L.A. Officials Herald Newly Renovated Ford Amphitheatre, Call It "Transformative"

Amphitheater at Night
Tom Bonner

Originally budgeted at around $50 million, the project ballooned to over $70 million. But the end result complements the city’s already unrivaled collection of outdoor venues.

Los Angeles County officials unveiled the fully renovated John Anson Ford Amphitheatre, which adds a new jewel in the city’s already unrivaled network of outdoor theater venues. At Friday’s ribbon-cutting ceremony, some officials heralded it as the greatest midsized outdoor theater in the country.

Elements of the 97-year-old complex situated in the Cahuenga Pass next to the 101 Freeway remain intact, but the cruder elements that had long plagued the 1,200-seat amphitheater have been exorcised and updated. Tucked deep into a vertiginous hillside at the base of several ravines, the theater presented multiple engineering challenges throughout its three-year renovation.

“There were 1,000 decisions that had to be made, and all those decisions — as a composite — resulted in some design compromises,” said architect Brenda Levin of Levin & Associates Architects, who oversaw the project and called it one of the most challenging of her career. Levin, arguably the most sought-after architect in the city for high-profile restoration projects, has previously helped restore numerous other iconic L.A. landmarks, including the Griffith Observatory, The Wiltern, the Bradbury Building and City Hall.

Much of the $72 million renovation focused on updating the complex’s almost-medieval irrigation and drainage system that had previously resulted in frequent flooding. Now, beneath the new and expanded Ipe-wood stage is a water capture-and-drainage system that should dramatically reduce, if not eliminate, the threat of flooding and landslide closures.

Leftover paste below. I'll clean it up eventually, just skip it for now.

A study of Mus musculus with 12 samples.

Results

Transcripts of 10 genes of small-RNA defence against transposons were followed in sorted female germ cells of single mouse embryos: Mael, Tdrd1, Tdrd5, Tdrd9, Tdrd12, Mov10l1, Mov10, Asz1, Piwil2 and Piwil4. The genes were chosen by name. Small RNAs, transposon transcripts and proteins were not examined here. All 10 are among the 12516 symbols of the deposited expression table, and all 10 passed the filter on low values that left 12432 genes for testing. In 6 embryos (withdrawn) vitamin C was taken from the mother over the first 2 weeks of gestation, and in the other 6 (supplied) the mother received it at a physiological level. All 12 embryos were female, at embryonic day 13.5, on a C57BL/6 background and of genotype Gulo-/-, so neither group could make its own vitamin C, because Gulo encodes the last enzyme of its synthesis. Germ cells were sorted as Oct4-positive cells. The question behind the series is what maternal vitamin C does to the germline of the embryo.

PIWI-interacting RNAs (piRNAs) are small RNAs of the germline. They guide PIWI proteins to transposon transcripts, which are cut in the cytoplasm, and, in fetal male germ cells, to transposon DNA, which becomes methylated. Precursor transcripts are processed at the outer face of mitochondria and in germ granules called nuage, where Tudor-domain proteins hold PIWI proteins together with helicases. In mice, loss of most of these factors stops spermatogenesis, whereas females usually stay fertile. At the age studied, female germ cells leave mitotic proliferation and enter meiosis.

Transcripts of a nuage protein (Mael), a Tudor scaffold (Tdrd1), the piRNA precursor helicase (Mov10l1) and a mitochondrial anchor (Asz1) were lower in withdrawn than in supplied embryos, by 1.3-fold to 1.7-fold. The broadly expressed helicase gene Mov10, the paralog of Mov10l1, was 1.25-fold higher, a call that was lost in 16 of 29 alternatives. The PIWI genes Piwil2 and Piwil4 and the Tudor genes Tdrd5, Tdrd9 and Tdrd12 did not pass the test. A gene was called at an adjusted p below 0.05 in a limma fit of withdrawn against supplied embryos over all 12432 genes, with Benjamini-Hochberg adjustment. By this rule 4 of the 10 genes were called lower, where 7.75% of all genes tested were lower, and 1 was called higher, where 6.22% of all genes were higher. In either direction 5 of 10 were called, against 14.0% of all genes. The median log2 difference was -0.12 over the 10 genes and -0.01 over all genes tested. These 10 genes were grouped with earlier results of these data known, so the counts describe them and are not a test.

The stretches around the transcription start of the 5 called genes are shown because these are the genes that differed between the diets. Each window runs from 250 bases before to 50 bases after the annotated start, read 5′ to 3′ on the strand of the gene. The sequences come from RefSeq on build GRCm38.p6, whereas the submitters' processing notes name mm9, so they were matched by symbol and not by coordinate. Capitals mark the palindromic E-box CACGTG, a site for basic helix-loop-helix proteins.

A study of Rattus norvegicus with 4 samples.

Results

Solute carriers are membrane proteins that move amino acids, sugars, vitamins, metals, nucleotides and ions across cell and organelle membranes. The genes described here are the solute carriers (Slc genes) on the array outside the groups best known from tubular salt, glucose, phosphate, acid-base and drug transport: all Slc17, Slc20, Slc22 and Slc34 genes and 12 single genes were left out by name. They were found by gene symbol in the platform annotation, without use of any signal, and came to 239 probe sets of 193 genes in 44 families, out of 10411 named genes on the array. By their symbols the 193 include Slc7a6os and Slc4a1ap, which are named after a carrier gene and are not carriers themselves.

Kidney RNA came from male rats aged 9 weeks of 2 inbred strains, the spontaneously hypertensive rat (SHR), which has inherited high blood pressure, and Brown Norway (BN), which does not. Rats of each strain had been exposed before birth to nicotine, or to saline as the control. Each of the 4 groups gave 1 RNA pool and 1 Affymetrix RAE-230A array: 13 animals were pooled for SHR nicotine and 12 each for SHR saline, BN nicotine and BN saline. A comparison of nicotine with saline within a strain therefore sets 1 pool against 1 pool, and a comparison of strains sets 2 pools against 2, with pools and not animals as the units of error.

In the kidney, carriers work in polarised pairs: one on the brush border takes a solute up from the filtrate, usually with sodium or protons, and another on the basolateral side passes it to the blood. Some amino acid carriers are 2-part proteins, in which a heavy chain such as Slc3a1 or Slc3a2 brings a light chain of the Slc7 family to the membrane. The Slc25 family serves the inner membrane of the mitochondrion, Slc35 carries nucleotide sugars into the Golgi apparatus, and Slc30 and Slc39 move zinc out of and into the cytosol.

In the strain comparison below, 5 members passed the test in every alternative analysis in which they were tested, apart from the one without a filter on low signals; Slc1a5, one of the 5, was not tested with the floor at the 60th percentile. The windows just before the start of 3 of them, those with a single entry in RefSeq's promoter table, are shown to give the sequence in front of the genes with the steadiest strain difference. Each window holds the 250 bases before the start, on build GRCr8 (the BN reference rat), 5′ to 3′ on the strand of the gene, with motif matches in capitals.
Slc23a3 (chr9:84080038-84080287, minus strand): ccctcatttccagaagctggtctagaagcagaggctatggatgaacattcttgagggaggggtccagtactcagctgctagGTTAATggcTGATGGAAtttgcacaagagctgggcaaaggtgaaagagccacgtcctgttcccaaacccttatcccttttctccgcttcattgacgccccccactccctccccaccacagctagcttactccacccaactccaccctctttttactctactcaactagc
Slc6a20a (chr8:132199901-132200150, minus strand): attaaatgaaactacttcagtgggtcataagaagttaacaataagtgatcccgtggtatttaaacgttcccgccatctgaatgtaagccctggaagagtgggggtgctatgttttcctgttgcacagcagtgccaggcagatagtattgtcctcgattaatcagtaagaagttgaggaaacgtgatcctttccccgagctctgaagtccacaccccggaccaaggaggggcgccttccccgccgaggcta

“This project had its challenges. It was a very expensive project, and there is no way to put lipstick on that,” said former county supervisor Zev Yaroslavsky, who was an early champion of the project before handing it off to his successor, Sheila Kuehl, who was also on hand for the ribbon-cutting ceremony. Originally budgeted at around $50 million, the project ballooned to over $70 million. “No L.A. facility needed [a renovation] more than the Ford Theatre, and we now have a venue that is bigger than the sum of its parts. This is a transformative project,” said Yaroslavsky.

In addition to the new stage, several brand-new structures were built to incorporate on-site office space for full-time staff. There is a new and dramatically expanded backstage artists’ area that was built beneath the stage into the bedrock and two new elevators for improved accessibility around the complex, which now offers a concession kitchen and an outdoor dining terrace that was named in honor of Yaroslavsky. A catwalk and control room were added to service the newly installed state-of-the-art lighting and sound systems. The acoustics of the theater got a further boost from a sound wall built along the upper lip that will serve to block out unwanted sounds from the nearby 101 Freeway and ambient sounds drifting from concerts at the Hollywood Bowl.

The summer-season programming kicks off this weekend with Savion Glover and will present a mix of theater, dance and musical acts that range from Senegalese vocalist Youssou N’Dour to singer-songwriter Rufus Wainwright.

Originally built in 1920 to stage The Pilgrimage Play, the theater was originally called the Pilgrimage Theatre before it was renamed in 1976 after county supervisor John Anson Ford. The original structure was destroyed by a brush fire in 1929 and then rebuilt with poured concrete and stonework in an ancient Judaic architectural style.